As policymakers become cautious about markets moving too far too fast for their liking, we expect a pause in the tightening cycle barring any big surprises in inflation
Existing September US home sales are expected to decline modestly. But high employment levels and low borrowing costs should keep the market well supported with home sales remaining close to cycle highs. Expect the impact on the USD to be relatively muted, with markets paying more attention to Chair Yellen’s speech in the evening after trading closes. With the Dec rate hike priced in sufficiently, we think the upside to USD should be limited.
In line with our view, the Spanish situation with PM Rajoy invoking Article 155 to suspend powers of the Catalan administration had virtually no impact on EUR, and in fact, the EUR/USD rallied.
Today, there are no data releases in the Eurozone. In Norway, third-quarter Industrial Confidence should have a limited impact on NOK and is unlikely to lead to a material shift in market’s perception of the NB rate path. We look through Finance Minister Jensen’s comments yesterday (on weaker krone boosting competitiveness) given the already clear NB message that it won’t raise rates until “well into 2019”. EUR/NOK to edge toward 9.38.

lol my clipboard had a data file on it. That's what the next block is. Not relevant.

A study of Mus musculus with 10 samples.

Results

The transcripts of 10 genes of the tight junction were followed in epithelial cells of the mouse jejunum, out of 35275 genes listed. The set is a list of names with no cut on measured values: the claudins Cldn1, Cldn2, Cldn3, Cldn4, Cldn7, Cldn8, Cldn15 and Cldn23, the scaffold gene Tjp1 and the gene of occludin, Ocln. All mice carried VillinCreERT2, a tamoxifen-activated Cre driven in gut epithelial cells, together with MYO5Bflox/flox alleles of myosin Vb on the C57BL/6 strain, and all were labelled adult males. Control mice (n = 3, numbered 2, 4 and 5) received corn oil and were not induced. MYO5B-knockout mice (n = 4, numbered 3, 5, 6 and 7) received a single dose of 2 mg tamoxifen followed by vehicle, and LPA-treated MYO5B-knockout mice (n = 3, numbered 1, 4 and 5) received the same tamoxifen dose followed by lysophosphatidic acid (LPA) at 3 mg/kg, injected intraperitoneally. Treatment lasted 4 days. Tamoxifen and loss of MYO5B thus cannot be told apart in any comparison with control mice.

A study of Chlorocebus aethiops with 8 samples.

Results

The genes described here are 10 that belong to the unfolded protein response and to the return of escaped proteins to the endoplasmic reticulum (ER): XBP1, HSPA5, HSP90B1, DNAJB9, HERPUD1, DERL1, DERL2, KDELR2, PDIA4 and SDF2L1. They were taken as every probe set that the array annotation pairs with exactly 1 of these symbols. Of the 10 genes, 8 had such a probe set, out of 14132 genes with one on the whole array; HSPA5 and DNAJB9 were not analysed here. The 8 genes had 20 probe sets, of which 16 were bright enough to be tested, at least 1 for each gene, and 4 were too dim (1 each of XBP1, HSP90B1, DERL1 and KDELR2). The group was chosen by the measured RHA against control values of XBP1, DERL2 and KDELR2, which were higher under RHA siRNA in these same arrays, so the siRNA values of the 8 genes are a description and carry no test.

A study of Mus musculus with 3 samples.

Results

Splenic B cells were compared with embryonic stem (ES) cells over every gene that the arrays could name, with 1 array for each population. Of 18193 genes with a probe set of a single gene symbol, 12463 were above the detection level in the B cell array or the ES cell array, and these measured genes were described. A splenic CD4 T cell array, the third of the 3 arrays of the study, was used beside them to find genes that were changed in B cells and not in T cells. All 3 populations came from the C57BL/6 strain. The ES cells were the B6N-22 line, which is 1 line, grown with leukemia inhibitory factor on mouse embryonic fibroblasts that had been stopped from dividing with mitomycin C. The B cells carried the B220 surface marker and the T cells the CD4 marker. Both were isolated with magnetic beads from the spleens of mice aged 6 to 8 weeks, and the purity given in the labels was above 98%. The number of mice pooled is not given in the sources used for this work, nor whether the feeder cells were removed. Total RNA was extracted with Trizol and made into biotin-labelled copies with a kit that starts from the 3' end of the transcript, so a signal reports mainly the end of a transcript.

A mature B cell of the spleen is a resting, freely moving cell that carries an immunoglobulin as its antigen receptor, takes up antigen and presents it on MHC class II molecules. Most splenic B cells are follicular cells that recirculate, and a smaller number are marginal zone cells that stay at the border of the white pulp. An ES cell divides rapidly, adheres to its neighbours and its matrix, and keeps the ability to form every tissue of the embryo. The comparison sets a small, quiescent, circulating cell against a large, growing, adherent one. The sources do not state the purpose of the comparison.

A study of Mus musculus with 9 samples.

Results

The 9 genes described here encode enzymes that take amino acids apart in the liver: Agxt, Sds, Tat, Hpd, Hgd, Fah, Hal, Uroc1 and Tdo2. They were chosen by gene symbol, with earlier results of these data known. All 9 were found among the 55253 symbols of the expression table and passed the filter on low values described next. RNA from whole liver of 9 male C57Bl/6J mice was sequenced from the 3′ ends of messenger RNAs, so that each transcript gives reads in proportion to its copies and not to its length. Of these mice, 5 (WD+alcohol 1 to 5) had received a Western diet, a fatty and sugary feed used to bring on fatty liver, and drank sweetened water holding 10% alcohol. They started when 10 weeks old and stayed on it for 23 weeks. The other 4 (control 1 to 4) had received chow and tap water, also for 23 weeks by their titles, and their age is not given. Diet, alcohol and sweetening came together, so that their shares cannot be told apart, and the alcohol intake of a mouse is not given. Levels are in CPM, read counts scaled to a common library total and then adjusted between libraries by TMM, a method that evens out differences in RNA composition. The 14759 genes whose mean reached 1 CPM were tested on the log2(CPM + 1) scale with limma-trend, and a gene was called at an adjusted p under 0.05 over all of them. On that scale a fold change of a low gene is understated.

Canadian CPI and retail sales data will dominate CAD price action today - especially ahead of the 25 Oct BoC meeting. Policymakers have been gradually shifting to a more cautious stance over further rate hikes amid concerns that markets may have moved too far too fast for their liking.
In the absence of any positive inflation surprise (consensus is looking for common core CPI at 1.5% YoY), we expect a pause in the tightening cycle for the remainder of the year. This suggests a limited downside to USD/CAD today, with the USD/CAD 1.2450 level to hold.
Moody’s will review the Hungarian sovereign debt rating today for the third (and last) time this year. We expect at least some commentary given Moody’s simply skipped the review the last two times.
We think it is likely that Hungary's outlook will be updated to positive, especially after S&P’s decision in August. While the market is currently primarily focused on the National Bank of Hungary in terms of gauging the near-term HUF price action, should Moody’s decision turn out to be a clear positive (and not just an affirmation), we see a short-lived EUR/HUF depreciation.